The firm will be linking with Singaporean firm Eldan Law and South African practice Thomson Wilks, according to an announcement released today.
The move comes less than a year after DWF shuttered its Singaporean outpost as part of a wider global restructuring effort spearheaded by CEO Sir Nigel Knowles, who stepped into the frontline role after former firm head Andrew Leaitherland was ousted last May.
The cost-cutting measures brought on by the larger-than-anticipated impact of COVID-19 on the firm’s international operations also led to the closure of the its Brussels office and a reduction of activities in Dubai and Cologne.
The nature of the association agreements means that Eldan and Thomson Wilks will exclusively work with DWF in the markets they cover and vice versa, based on the mutually beneficial goal of generating work referrals between DWF and the two firms to provide “seamless” service for their global client bases.
The firm also said it hopes to work with Eldan and Thomson Wilks to promote its integrated legal management strategy by expanding its managed services arm Mindcrest and its specialist business division Connected Services.
In a statement, Knowles said the association agreements mark an “important” step forward for the firm in retooling its global network.
“Eldan Law and Thomson Wilks are highly regarded firms in Singapore and South Africa and we have a strong alignment in terms of expertise and sector focus,” he said. “Like all of our association relationships, this agreement will provide all parties the opportunity to better serve existing and new clients, whilst ensuring consistency, familiarity and quality across the board.”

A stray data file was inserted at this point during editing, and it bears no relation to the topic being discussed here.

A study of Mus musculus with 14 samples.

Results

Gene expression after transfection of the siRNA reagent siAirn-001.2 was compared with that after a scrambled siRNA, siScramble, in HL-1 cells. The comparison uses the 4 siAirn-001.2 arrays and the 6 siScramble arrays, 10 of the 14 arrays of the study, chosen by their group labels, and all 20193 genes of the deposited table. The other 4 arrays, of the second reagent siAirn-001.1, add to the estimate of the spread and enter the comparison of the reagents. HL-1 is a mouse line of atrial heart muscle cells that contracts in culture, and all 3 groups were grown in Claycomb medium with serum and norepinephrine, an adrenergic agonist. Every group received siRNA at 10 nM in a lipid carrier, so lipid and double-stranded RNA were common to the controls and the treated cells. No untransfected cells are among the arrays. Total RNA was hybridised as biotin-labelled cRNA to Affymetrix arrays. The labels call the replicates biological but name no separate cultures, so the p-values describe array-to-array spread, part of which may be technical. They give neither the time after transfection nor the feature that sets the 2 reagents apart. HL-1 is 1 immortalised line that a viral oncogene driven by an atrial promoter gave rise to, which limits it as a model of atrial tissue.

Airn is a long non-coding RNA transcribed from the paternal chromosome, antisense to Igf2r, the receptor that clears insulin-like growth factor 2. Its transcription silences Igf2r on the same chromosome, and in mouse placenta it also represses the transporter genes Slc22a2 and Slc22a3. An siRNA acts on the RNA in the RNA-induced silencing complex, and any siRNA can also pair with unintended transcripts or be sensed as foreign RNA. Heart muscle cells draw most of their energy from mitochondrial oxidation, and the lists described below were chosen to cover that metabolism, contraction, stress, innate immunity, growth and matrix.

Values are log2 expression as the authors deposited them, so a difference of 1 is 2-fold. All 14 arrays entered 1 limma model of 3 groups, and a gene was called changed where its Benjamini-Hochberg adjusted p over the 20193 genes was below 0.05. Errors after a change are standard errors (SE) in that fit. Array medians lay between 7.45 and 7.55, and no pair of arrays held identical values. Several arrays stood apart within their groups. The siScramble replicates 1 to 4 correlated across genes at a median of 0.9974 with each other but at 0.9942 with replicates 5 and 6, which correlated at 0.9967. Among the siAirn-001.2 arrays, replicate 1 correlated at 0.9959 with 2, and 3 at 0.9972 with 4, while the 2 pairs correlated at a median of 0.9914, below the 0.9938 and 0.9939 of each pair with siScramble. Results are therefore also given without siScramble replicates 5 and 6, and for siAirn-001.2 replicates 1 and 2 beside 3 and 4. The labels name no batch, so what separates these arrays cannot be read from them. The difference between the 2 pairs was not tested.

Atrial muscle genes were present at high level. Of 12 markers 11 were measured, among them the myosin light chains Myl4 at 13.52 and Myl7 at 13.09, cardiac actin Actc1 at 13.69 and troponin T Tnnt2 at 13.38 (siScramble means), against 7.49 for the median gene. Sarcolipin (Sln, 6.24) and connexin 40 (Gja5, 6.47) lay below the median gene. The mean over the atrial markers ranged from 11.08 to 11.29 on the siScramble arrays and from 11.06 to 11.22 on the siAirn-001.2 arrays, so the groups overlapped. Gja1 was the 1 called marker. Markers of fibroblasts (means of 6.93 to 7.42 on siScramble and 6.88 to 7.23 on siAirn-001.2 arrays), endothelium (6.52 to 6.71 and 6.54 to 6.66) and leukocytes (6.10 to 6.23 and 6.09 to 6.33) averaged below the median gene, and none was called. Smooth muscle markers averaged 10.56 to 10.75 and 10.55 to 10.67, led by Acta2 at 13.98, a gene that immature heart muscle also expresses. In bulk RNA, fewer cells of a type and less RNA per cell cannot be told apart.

Established in 2010 as a boutique disputes resolution firm, Eldan’s core offerings include commercial litigation, international arbitration, corporate real estate, intellectual property and corporate transactions. It sits among the 25 largest local Singaporean firms with 35 employees, including 17 partners.
Thomson Wilks, meanwhile, specialises in dispute resolution litigation and commercial corporate law. It has bases in Johannesburg, Durban and Cape Town and boasts nine directors, seven associates and 28 consultants.
Prior to the association agreement with DWF, Thomson Wilks had already been working with DWF’s office in France, formerly Heenan Paris, since 2016.
Eldan and Thomson Wilks join the likes of US firm Wood, Smith, Henning & Berman, Panama-based outfit Fabrega Molino and Turkish firm OGB as DWF’s fourth and fifth international association partnerships, respectively.
As part of DWF’s dramatic strategy shift seen throughout a pandemic-ridden year, the firm announced more office closures last month in Melbourne, Sydney and Newcastle at the expected loss of nearly 100 jobs in a major scaling back of its legal capability in Australia.